Zoonotic coronaviruses (CoVs) are significant threats to global health, as exemplified by the recent emergence of SARS-CoV-2. Host immune responses to CoV are complex and regulated in part through antiviral interferons. However, the interferon-stimulated gene products that inhibit CoV are not well characterized. In this webinar, we explain the findings of our recent study in which we identified LY6E as a broad coronavirus restriction factor. Our findings advance our understanding of immune-mediated control of CoV in vitro and in vivo and could help in the development of new strategies to combat infection by emerging CoV.
In this webinar, we will discuss:
Don’t miss this unique opportunity to get a more in-depth look at research that helps us better understand the immune response to coronaviruses.
Prof. Dr. Stephanie Pfänder is a group leader at the Ruhr University Bochum (RUB), Department for Molecular & Medical Virology, where she studies emerging viruses, including emerging coronaviruses. Before moving to RUB, Stephanie worked as a postdoctoral researcher in the laboratory of Prof. Volker Thiel in Bern, Switzerland studying coronaviruses and other emerging viruses.
Dr. Daniel Todt is a postdoctoral fellow and virus informatician at the Ruhr University Bochum (RUB), Department for Molecular and Medical Virology. The focus of his research is on the transcriptional changes induced by viruses and the intra-host evolution of hepatotropic RNA viruses. Daniel Todt holds a Ph.D. in virology from the Hannover Medical School in Germany. He conducted research at the Institute for Experimental Virology at the TWINCORE - Centre for Experimental and Clinical Infection Research, where he also started his postdoctoral work, before joining Ruhr University.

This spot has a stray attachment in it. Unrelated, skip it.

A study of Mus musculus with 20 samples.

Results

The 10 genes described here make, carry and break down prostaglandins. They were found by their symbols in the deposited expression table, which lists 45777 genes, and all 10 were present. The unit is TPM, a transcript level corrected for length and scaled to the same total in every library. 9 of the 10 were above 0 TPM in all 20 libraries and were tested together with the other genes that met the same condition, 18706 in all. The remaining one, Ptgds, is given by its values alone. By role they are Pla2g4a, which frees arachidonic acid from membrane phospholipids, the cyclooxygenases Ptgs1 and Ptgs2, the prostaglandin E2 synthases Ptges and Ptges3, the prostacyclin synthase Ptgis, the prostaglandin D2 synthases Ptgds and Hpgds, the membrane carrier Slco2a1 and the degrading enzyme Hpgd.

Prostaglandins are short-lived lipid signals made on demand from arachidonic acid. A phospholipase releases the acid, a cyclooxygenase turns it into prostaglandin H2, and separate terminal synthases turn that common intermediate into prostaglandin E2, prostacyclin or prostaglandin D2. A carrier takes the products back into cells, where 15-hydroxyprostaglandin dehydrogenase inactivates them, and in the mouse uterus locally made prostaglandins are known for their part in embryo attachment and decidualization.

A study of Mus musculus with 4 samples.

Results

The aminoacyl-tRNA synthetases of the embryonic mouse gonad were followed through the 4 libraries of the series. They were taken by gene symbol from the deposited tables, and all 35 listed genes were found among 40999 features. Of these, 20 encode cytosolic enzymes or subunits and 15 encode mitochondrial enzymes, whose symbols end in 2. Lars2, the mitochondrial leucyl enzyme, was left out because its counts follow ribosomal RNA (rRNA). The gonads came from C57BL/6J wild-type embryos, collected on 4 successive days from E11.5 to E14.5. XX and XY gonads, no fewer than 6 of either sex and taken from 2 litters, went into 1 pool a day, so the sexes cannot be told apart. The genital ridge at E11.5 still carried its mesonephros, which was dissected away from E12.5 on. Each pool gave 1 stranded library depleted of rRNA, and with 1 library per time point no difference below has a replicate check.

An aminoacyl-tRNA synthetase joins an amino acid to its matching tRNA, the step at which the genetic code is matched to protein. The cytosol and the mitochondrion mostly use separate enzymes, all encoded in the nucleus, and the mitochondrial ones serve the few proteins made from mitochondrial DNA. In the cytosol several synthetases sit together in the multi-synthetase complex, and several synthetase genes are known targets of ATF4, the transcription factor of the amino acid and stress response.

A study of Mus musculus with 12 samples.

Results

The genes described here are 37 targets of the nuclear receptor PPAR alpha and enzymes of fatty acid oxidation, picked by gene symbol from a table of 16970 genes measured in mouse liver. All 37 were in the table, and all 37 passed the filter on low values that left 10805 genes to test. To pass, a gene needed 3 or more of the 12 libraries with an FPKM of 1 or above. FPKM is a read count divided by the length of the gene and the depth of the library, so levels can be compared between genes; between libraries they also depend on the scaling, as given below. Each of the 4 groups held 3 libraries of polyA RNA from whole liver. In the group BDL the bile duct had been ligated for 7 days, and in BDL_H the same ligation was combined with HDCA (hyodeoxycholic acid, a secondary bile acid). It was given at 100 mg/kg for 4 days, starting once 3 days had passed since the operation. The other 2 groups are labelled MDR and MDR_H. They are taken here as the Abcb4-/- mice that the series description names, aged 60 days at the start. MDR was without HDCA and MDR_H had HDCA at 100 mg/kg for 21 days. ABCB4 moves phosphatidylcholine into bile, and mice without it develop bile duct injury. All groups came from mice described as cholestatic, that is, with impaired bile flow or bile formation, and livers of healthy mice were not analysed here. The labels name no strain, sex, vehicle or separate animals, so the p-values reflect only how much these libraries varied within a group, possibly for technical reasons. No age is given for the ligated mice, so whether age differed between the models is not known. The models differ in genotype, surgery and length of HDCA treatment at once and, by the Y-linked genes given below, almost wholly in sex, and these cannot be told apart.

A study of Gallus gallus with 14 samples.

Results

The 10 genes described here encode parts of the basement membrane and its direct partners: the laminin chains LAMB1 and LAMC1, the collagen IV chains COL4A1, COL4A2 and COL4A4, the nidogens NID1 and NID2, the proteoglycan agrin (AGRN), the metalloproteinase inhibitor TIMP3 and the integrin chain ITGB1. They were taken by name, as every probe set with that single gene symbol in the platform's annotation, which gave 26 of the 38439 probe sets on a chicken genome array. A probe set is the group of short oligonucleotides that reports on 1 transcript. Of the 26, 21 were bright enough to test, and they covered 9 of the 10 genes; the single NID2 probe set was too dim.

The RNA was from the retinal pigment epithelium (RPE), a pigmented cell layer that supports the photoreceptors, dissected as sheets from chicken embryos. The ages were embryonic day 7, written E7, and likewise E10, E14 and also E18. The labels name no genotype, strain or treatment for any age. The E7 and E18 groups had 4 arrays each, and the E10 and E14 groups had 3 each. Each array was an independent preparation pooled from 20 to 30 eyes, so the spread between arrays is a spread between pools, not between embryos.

Jean-Noël Billaud, Ph.D., is Senior Principal Scientist at QIAGEN Bioinformatics. Before joining QIAGEN Bioinformatics, Dr. Billaud joined Ingenuity Systems 2008 as staff scientist for in silico research program in oncology and infectious diseases. Jean-Noël Billaud holds a Ph.D. in blood cell biology from Paris VII and has done his postdoctoral work at the Scripps Research Institute (San Diego, CA) studying the impact of Feline Immunodeficiency Virus and Borna Disease Virus on brain cells. He pursued his career at the Vaccine Research Institute of San Diego, where he co-developed a universal vaccine platform using the core antigen of Hepatitis B Virus to target infectious (viral and parasitic) diseases and metabolic diseases and cancer.
Thank you for your interest in this webinar ‘Using QIAGEN Digital Insights to determine how LY6E impairs coronavirus fusion and confers immune control’.